The elevator of the Harris County Jail has no buttons. As I step onto it with Dr. Michael Seale, executive director of health services at the jail, he continues to speak with intense focus but raises one hand in a peace sign. The two other men with us also give the peace sign. When I frown in confusion, Seale points at a surveillance camera in the elevator’s upper corner. “I’m telling them the floor we want,” he says.
The second floor of this, Texas’ largest jail, also serves as the state’s largest mental health facility. A quarter of its 9,000 prisoners take some kind of psychotropic medication and are assigned to graduated levels of care, like at a hospital. Guards in the intermediate and acute care areas wear more casual uniforms to denote a therapeutic setting and get special training to recognize and deal with psychiatric symptoms. But while Dr. Seale and his staff are national leaders in handling the complex challenge of mental illness among prisoners, their work struggles to address the crux of the problem: Many people wouldn’t become inmates if they weren’t suffering from untreated mental illness.
Yesterday, the Wall Street Journal noted this problem with a brisk article titled, “The New Asylums: Jails Swell With Mentally Ill,” (behind paywall). The piece has some quick-and-dirty historical context and a 23-state comparison of corrections populations and spending related to mental health.
The Journal writes, “Two centuries ago, reformers were disturbed to find large numbers of the mentally ill in jails, paving the way for the development of state-run institutions.” But institutions bred abuse and neglect, so when advances in medication made it possible, social policy moved toward community-based care.
The problem is, community-based care requires facilities and public funding and those things can look like handouts. Most places didn’t fund their community-based programs well enough to meet the needs of people who once would have been institutionalized, so those people have psychiatric crises, are picked up for largely nonviolent crimes and (if they’re lucky) get treated in jail. Once stabilized and released, they still don’t have access to medication, so they relapse and end up in jail again.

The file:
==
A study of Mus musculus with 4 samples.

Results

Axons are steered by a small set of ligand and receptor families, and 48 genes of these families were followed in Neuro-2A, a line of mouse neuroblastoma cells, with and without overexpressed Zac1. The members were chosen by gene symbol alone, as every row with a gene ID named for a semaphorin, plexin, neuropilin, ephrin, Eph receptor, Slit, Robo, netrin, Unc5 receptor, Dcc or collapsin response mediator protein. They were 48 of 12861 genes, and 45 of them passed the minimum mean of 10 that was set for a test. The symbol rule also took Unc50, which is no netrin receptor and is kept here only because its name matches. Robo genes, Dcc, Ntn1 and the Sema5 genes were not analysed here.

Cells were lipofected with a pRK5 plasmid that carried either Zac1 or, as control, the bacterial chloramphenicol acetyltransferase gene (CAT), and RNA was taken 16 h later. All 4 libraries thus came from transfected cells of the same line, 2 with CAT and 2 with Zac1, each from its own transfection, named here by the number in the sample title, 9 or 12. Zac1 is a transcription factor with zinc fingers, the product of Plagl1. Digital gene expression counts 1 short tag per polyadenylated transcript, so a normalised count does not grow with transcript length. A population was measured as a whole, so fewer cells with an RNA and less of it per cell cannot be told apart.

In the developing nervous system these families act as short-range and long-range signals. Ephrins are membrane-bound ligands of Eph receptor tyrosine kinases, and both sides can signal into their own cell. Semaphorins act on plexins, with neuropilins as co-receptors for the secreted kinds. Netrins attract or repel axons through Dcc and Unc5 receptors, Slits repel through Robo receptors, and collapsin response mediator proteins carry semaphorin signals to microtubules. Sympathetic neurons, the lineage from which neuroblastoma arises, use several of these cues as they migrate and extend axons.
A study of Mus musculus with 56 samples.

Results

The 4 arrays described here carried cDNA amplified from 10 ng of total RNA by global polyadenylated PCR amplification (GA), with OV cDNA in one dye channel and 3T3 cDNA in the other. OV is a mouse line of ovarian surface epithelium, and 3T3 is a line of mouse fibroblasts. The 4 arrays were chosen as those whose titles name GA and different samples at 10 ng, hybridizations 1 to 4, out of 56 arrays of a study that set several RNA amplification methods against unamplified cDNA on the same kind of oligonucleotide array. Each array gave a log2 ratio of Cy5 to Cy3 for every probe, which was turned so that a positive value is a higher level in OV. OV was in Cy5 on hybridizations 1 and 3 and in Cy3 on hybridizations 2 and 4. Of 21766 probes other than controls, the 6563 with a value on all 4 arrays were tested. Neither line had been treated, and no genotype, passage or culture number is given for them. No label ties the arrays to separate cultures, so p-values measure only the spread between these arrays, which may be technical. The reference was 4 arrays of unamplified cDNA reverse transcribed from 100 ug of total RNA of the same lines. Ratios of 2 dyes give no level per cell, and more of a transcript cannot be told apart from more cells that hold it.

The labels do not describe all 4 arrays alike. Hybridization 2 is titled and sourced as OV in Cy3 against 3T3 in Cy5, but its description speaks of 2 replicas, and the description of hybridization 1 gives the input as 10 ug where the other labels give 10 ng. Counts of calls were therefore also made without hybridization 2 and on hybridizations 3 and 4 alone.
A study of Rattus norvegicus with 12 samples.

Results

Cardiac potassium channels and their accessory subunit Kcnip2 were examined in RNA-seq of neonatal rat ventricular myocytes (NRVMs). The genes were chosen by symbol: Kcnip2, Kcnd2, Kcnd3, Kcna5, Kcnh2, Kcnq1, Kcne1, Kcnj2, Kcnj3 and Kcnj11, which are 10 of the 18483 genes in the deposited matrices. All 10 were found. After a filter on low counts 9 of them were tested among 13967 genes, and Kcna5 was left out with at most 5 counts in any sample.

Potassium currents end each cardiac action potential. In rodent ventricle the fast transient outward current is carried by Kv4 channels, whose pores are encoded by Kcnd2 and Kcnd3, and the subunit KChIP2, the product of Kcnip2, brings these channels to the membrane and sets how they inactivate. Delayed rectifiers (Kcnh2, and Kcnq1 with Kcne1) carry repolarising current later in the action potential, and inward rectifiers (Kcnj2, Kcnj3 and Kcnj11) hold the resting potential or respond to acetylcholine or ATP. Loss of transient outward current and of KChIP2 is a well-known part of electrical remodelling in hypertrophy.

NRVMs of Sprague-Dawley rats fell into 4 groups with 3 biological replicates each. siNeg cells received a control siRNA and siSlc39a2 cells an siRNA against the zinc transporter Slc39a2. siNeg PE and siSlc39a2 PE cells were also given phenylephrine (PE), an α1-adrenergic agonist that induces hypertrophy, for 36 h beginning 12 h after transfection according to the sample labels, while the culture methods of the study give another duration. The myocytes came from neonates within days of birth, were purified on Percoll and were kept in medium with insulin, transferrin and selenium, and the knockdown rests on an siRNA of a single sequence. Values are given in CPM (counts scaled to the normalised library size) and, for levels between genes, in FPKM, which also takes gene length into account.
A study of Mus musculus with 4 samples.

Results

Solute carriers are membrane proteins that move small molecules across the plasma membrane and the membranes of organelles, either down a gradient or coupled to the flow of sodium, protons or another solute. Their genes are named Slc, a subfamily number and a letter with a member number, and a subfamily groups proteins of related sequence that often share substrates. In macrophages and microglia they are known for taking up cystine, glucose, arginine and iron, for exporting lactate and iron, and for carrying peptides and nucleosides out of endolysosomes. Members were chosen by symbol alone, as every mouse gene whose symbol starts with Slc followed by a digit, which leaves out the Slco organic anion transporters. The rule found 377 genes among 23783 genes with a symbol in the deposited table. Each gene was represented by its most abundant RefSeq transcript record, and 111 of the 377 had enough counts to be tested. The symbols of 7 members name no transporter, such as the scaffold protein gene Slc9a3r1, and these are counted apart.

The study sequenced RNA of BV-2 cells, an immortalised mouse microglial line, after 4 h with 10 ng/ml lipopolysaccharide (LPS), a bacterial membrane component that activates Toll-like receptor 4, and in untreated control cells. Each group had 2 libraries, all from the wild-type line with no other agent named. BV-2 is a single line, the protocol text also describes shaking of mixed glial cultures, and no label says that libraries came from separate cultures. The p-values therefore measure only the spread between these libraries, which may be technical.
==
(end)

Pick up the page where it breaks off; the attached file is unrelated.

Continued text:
Everything old is new again.
Texas ranks next-to-last in the nation in mental health funding, trailed only by Idaho. Fully 29 percent of Idaho’s inmates have a mental health problem according to the Journal’s survey of state corrections departments. Only 17 percent of Texas inmates have an identified mental health issue, which sounds pretty good until you consider that Idaho has about 7,400 inmates, total. Texas has almost 151,000.
But that number isn’t as high as it used to be. One of the contributors to Texas’ slowly dropping incarceration rates is a growth in diversion programs that address problems like addiction and mental illness.
Harris County, for example, recently doubled its number of crisis intervention response teams, which include trained deputies and mental health clinicians who answer 9-1-1 calls where mental illness may be a factor. The Harris County Sheriff’s Office reports that the teams handled more than 3,000 calls for service in the last two years.
“Helping Harris County residents with acute mental illness to heal would be reason enough to operate this pioneering program,” said Harris County Sheriff Adrian Garcia in a statement today announcing the new teams. “But CIRT also makes our community safer and saves taxpayers money by stopping the revolving door” of “jail without long-term treatment.”
Getting people who call 9-1-1 into treatment facilities instead of the second floor of the Harris County Jail is undoubtedly progress. But the question remains: When will Texas fund its community-based health care programs so that fewer of those emergency calls emerge?